Mr. Mpshe said prosecutors will announce in the new year the next step in their investigation of Mr. Zuma, who was elected leader of the African National Congress (ANC) party Tuesday.

Mr. Mpshe is investigating claims that in the 1990s, Mr. Zuma accepted hundreds of thousands of dollars in bribes from the French arms company Thint to use his influence to stop investigations into a multibillion-dollar arms deal with the government. The contracts were suspected of being secured through bribes.

"If I have a case to answer, then take me to court," Mr. Zuma said yesterday.

"The type of evidence we have so far can be taken to court," Mr. Mpshe said.

President Thabo Mbeki fired Mr. Zuma as the country's deputy president in 2005 after Mr. Zuma's financial adviser was convicted of trying to elicit a bribe for Mr. Zuma to deflect investigations into the arms deal. Charges were withdrawn against Mr. Zuma, who denies the accusations and says he is being pursued by prosecutors for political reasons.

Mr. Zuma, whose political career so far has managed to survive sex and corruption scandals, routed Mr. Mbeki to win the ANC presidency at a divisive party convention. Zuma loyalists also won all other top party posts.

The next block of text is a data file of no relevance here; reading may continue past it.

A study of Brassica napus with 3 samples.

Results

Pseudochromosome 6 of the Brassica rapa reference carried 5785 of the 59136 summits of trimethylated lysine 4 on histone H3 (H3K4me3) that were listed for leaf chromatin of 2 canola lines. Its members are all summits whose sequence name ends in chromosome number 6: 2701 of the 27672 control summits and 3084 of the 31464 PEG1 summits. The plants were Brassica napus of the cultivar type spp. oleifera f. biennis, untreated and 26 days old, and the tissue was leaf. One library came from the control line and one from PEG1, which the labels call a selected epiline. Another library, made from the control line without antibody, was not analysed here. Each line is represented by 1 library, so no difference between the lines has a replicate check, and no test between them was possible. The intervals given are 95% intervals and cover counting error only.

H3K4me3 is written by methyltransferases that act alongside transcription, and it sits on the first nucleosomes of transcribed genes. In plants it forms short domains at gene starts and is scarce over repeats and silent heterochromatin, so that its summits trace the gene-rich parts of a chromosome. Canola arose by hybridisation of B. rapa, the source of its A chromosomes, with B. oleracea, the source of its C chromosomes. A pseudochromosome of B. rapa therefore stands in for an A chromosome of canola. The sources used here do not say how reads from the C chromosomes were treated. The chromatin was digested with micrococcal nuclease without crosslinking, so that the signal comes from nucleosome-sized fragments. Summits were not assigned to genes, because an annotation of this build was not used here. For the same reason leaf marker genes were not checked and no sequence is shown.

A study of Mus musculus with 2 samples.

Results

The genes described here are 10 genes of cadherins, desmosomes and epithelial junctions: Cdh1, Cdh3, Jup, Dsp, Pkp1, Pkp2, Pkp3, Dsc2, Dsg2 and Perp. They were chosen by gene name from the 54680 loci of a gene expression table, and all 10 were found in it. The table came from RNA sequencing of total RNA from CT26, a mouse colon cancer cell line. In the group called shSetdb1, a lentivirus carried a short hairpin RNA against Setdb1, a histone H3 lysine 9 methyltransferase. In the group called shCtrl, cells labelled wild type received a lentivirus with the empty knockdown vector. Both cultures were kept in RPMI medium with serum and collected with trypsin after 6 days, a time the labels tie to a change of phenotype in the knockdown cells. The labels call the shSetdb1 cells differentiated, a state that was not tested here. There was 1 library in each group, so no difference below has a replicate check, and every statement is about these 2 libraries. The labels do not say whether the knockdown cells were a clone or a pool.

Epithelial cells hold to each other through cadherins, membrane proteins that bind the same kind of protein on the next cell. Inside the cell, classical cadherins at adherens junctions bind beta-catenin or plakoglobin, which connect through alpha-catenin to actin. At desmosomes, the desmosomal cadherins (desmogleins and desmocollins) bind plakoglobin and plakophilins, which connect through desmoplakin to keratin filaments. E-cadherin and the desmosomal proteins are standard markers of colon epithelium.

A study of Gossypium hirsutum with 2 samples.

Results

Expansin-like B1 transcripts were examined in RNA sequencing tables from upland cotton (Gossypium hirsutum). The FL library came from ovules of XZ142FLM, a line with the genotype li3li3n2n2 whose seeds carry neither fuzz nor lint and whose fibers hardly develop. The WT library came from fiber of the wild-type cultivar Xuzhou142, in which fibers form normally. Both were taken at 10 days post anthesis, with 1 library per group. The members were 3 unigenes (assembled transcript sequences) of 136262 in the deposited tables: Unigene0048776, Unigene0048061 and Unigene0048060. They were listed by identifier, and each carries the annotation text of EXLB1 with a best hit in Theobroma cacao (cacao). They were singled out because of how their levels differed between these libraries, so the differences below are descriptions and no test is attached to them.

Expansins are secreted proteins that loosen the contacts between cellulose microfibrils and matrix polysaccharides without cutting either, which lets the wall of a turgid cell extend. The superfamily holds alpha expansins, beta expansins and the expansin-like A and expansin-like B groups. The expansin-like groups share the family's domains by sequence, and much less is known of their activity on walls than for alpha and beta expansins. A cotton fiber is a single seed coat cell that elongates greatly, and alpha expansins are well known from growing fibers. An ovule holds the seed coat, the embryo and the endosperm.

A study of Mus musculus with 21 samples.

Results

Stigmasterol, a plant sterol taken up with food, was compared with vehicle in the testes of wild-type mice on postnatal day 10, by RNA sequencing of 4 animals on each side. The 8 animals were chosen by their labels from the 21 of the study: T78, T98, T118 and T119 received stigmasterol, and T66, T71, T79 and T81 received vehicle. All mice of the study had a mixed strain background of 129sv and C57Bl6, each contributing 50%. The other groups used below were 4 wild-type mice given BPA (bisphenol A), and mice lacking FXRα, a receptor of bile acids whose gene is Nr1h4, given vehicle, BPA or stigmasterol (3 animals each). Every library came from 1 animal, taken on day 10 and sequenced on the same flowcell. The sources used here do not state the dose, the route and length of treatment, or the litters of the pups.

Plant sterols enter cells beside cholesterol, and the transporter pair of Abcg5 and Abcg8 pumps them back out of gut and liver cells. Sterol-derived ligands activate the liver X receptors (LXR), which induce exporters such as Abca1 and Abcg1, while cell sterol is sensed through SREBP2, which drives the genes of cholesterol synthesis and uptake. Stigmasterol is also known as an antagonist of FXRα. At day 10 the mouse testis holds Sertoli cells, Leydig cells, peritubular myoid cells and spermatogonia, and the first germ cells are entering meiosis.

Mr. Zuma's victory meant that for the first time since apartheid ended, South Africa's president was not also the ANC leader. That had sparked speculation Mr. Mbeki might step down before his term as president ends in 2009, though a Mbeki aide said yesterday he was not considering that.

Earlier yesterday, in his first speech since winning the leadership, Mr. Zuma pledged to work smoothly with Mr. Mbeki, calling the South African president his "comrade, friend and brother" of 30 years.

"Contesting positions among comrades does not make us enemies," Mr. Zuma said, looking directly at Mr. Mbeki, who sat in the front row of at the ANC national conference.

The ANC leader is traditionally the party's presidential candidate, and overwhelming support for the party throughout South Africa has ensured victories first for Nelson Mandela in 1994, then Mr. Mbeki in 1999 and 2004. Mr. Mbeki is prevented by constitutional term limits from running again in 2009, but if he had won a third term as ANC leader, he would have been in position to groom his successor.

Last year, Mr. Zuma was acquitted of raping a family friend, but he outraged AIDS activists by testifying he had unprotected, consensual sex with the HIV-positive woman and then took a shower with the understanding it would protect him from the virus.

Mr. Zuma had rallied ANC members dissatisfied with Mr. Mbeki's market-oriented policies, which produced an economic boom and created a small black elite but failed to lift the majority from poverty.